Bible Study Tools / Feast Of Tabernacles

From Feast to Famine to Feast

by David Palmer

Another Feast of Tabernacles has come and gone. For eight days we rehearsed the Kingdom of God and looked ahead to a totally different world from the one we live in today. Yet we are still in this world, a world under the influences of the devil.

There is a popular slogan in sports that could also be applied to society: “It’s not whether you win or lose, it’s how you play the game.” However, the world we live in today has a distorted version, “winning isn’t the most important thing – it’s the only thing.” We live in a very competitive world. But we are also reminded of Solomon’s statement in Ecclesiastes: “I returned and saw under the sun that the race is not to the swift, nor the battle to the strong, nor bread to the wise, nor riches to men of understanding, nor favor to men of skill; but time and chance happen to them all. People can never predict when hard times might come. Like fish in a net or birds in a snare, people are often caught by sudden tragedy” (Ecclesiastes 9:11-12 NLT).

Not only are we subjected to our own human nature, but we are also subjected to the wiles of the devil. “Be careful! Watch out for attacks from the Devil, your great enemy. He prowls around like a roaring lion, looking for some victim to devour” (1Peter 5:8 NLT).

It’s easy to forget that the battle for our salvation is not with other people. We are in a battle with spiritual wickedness, the demonic angels of Satan. They are our adversaries. Just as Satan tempted Christ, his henchman will tempt us. We are warned to be vigilant, to be prepared for whatever the devil can throw at us (Ephesians 6:13-17).

Along the way we may have some battle scars. Jesus warned that in this world things will get tough. “Here on earth you will have many trials and sorrows. But take heart, because I have overcome the world” (John 6:33 NLT).

At baptism, we entered the marathon of life. Notice how the apostle Paul put it: “Remember that in a race everyone runs, but only one person gets the prize. You also must run in such a way that you will win. All athletes practice strict self-control. They do it to win a prize that will fade away, but we do it for an eternal prize” (1 Corinthians 9:24-25 NLT). As Paul said to Timothy, “I have fought a good fight, I have finished the race, and I have remained faithful. And now the prize awaits me—the crown of righteousness that the Lord, the righteous Judge, will give me on that great day of his return. And the prize is not just for me but for all who eagerly look forward to his glorious return” (2 Timothy 4:7-8 NLT).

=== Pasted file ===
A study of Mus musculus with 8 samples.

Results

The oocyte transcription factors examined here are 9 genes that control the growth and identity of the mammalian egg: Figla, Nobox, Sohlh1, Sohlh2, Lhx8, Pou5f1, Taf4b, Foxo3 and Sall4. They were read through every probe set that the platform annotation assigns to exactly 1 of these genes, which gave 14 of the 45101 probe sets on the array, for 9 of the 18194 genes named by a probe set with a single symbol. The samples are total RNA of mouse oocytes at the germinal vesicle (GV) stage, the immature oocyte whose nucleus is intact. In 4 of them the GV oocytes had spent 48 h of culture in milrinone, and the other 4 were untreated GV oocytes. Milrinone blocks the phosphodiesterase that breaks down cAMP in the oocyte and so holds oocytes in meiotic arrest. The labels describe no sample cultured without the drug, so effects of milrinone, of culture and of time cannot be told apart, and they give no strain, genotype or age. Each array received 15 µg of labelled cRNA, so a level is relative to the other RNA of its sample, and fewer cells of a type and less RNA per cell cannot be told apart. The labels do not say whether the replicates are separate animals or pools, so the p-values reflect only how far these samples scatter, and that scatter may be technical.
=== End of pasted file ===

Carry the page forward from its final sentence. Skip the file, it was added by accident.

As another Feast of Tabernacles has passed into history, a question to ask is: Did we take home some of those precious nuggets of wisdom from the many messages delivered over the eight days, messages that are like jewels in our crown of righteousness? Will we use those God-inspired messages as battle armour back in a world that is under the devil’s sway? “Therefore submit to God. Resist the devil and he will flee from you. Draw near to God and He will draw near to you…” (James 4:7-8 NKJ).

As we reflect on the Feast and all those messages we heard, we need to consider that while we are still in the flesh, we do not war after the flesh (2 Corinthians 10:3 NKJ). “For the weapons of our warfare are not carnal but mighty in God for pulling down strongholds, casting down arguments and every high thing that exalts itself against the knowledge of God, bringing every thought into captivity to the obedience of Christ” (2 Corinthians 10:4-5 NKJ).

When the battle is over, when we have finally completed the marathon of life, when we have run the race and conquered the devil’s world, we will exchange our armour for a beautiful white robe. “Let us be glad and rejoice and give Him glory, for the marriage of the Lamb has come, and His wife has made herself ready. And to her it was granted to be arrayed in fine linen, clean and bright, for the fine linen is the righteous acts of the saints” (Revelation 19:7-8).

As fall fades and a change in the seasons introduces winter, we can look back on the Feast of Tabernacles with inspired memories and focus on the warmth of spring bursting forth, as the renewal of God’s plan of Salvation begins anew with the Passover.